Also: Bedroom Discomforts

In-law Complaints

"My husband and I feel the same way about his parents. We don't like them. But whenever I say something negative about them, he gets defensive! What gives?"

Anyone who's ever spoken a harsh word against hubby's mama has encountered the same thing: a bad case of smackdown. Counselor and co-author of Mad About Us: Moving from Anger to Intimacy with Your Mate (Bethany),

Dr. Gary Oliver has this warning: "If crazy is to find out what doesn't work and keep on doing it, then saying negative things about your in-laws probably isn't anything even close to smart. Unless you enjoy being miserable."  

Rules for in-law criticisms:
  1. When tempted to say something negative, keep quiet.
  2. When tempted to agree with someone from the family about someone from the family, nod up a storm inside your head. Then see #1.
  3. When tempted to badmouth your in-laws in front of your children, keep your lips sealed.

As much as your husband may have issues with his family, they're still his family. Only family members who have toughed it out since childhood together have a right to take issue with their own.

I know it's tough! They probably do get on your nerves. But the old saying "If you don't have anything nice to say, don't say anything at all" has biblical roots. Proverbs 10:14 (NLT) tells us, "Wise people treasure knowledge, but the babbling of a fool invites trouble."

Dr. Oliver agrees. "If you must say something, start with something positive, then share one concern that maybe you and your husband can do something about."

If your in-laws are doing something that's directly affecting your marriage or your children, then definitely have your say to them about it. But don't stoop to their level. Say your piece with a spirit of grace that shows your class.

But more often, the better approach is to simply let it go. The next time you want to join a gripe fest, try this instead: Agree mentally, then ask God to give you a heart of peace, eyes that see the good, a mind to ignore the not-so-good, and a faith to trust that the God who created us all can do much more in their lives than your criticizing ever could.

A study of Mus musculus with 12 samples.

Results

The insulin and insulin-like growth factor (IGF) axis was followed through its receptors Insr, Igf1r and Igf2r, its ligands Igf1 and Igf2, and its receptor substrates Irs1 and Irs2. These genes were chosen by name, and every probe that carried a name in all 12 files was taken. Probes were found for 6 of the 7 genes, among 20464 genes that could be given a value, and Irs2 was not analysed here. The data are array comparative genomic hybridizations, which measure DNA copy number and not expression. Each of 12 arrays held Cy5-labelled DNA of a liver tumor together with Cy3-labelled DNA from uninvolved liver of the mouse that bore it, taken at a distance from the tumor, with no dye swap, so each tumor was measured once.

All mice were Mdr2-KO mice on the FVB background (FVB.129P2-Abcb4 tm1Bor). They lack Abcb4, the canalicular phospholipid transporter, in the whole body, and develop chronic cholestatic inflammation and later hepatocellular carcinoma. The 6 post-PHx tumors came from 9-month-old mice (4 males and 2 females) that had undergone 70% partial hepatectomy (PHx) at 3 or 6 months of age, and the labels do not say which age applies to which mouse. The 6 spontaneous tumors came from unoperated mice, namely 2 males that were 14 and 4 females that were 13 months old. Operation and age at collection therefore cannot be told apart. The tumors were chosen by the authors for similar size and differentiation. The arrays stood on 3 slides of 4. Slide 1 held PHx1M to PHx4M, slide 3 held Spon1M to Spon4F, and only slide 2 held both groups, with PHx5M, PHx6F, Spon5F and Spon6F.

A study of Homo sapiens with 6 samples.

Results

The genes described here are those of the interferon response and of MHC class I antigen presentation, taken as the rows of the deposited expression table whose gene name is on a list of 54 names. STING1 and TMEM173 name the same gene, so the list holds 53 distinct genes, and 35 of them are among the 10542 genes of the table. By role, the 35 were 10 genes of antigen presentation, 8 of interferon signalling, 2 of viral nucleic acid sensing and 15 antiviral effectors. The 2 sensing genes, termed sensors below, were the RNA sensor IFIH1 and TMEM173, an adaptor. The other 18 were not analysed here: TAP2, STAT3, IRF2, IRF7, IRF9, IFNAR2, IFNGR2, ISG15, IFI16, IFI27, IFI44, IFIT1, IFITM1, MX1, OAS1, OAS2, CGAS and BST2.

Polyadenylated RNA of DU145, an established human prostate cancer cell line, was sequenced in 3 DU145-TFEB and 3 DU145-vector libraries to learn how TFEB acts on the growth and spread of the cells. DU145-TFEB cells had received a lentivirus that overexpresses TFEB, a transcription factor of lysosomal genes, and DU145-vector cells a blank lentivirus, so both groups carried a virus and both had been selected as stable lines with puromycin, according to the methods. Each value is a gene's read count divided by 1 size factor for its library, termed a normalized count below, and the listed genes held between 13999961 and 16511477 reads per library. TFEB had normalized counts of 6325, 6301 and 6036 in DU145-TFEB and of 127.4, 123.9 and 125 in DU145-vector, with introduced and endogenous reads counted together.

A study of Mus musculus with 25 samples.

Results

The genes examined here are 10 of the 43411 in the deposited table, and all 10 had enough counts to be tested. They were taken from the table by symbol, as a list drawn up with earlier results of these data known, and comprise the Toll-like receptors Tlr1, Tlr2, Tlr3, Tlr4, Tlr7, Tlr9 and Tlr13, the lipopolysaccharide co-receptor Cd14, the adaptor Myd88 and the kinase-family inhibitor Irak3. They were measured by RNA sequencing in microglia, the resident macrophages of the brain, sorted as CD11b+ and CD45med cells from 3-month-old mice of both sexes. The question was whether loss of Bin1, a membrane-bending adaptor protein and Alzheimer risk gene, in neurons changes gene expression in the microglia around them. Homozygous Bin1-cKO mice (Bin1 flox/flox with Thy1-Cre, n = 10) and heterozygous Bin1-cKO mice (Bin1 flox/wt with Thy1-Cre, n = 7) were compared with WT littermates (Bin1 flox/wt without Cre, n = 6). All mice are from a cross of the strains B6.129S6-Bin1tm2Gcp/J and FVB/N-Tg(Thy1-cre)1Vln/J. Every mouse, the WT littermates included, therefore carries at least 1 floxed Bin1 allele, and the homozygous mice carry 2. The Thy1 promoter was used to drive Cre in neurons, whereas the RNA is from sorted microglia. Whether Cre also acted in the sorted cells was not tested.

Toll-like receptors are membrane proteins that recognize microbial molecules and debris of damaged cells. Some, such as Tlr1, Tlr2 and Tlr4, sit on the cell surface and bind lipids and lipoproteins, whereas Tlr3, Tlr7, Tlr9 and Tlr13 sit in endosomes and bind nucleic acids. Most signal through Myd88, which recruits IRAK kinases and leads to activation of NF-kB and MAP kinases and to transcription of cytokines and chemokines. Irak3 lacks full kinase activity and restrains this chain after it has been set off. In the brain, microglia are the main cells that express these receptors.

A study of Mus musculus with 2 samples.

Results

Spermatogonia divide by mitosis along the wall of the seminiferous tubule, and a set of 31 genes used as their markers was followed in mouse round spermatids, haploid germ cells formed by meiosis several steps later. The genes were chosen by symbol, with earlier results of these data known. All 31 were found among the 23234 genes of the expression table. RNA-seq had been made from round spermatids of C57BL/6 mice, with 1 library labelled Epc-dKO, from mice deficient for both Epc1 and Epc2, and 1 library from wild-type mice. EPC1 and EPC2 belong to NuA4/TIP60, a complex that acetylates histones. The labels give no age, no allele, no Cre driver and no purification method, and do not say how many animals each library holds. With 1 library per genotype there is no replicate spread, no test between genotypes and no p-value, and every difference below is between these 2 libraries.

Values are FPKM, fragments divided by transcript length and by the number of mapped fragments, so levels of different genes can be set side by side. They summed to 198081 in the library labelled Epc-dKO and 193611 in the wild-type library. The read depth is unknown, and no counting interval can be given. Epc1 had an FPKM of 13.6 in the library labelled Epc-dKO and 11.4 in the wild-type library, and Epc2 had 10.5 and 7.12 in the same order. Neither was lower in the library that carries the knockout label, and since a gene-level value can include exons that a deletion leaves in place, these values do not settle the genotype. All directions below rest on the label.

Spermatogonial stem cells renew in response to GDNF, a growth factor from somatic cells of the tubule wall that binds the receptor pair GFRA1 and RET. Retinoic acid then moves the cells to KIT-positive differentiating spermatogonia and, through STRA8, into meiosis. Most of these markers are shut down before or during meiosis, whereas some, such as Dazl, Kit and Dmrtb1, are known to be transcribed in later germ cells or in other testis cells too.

Bedroom Discomforts

"My husband keeps asking me to do things in the bedroom I'm not comfortable with. But when I tell him "no," he gets upset and the whole mood is ruined. How can I make him understand my point of view?"

This is a hot-button issue in a lot of marriages. And it can come from two completely different angles. One is the "This is sin; no other way around it" category to which you should be uncomfortable and say no. The other is the "I don't want to, therefore it's wrong, so stop asking" category. Too often women put the second category in with the first, and that's a problem.

Certified Christian sex therapist, Debra Taylor says, "Share your feelings about doing with him the things he's suggested. Is that how he wants you to feel during sex? Be specific about what makes you uncomfortable."

If your husband's asking you to break out of the routine and try new locations or positions, or if he's asking you to take a more active role in the event, or if he wants the lights on, then maybe he's not the problem. Maybe he's requesting something that's totally within his rights as your lover. If he wants to see and caress your body—and that's all God-honoring—then why not give it a try? You hold the power to a fantastic love life. Get over your self-consciousness and have fun, baby!

If, on the other hand, he's asking for something that definitely, no doubt about it, falls into the first category—anything that degrades a human being created in the image of God—you have every right to say, "No. End of story." No matter how often or persistently he asks.

Then later (not right after the request or in the middle of lovemaking), tell him the specific reasons why you won't engage in that type of behavior. Explain that lovemaking isn't just about self-centered gratification—it's about making a loving soul connection with each other. And that means honoring and respecting each other and keeping the marriage bed pure (Hebrews 13:4).

Be firm, but not rude. He may huff, but stand your ground. And pray that God will help you both have the right perspective on your relationship. 

Read more articles that highlight writing by Christian women at ChristianityToday.com/Women

Ginger E. Kolbaba

Ginger Kolbaba is the author of Desperate Pastors' Wives and The Old Fashioned Way. Connect with her on Twitter @gingerkolbaba.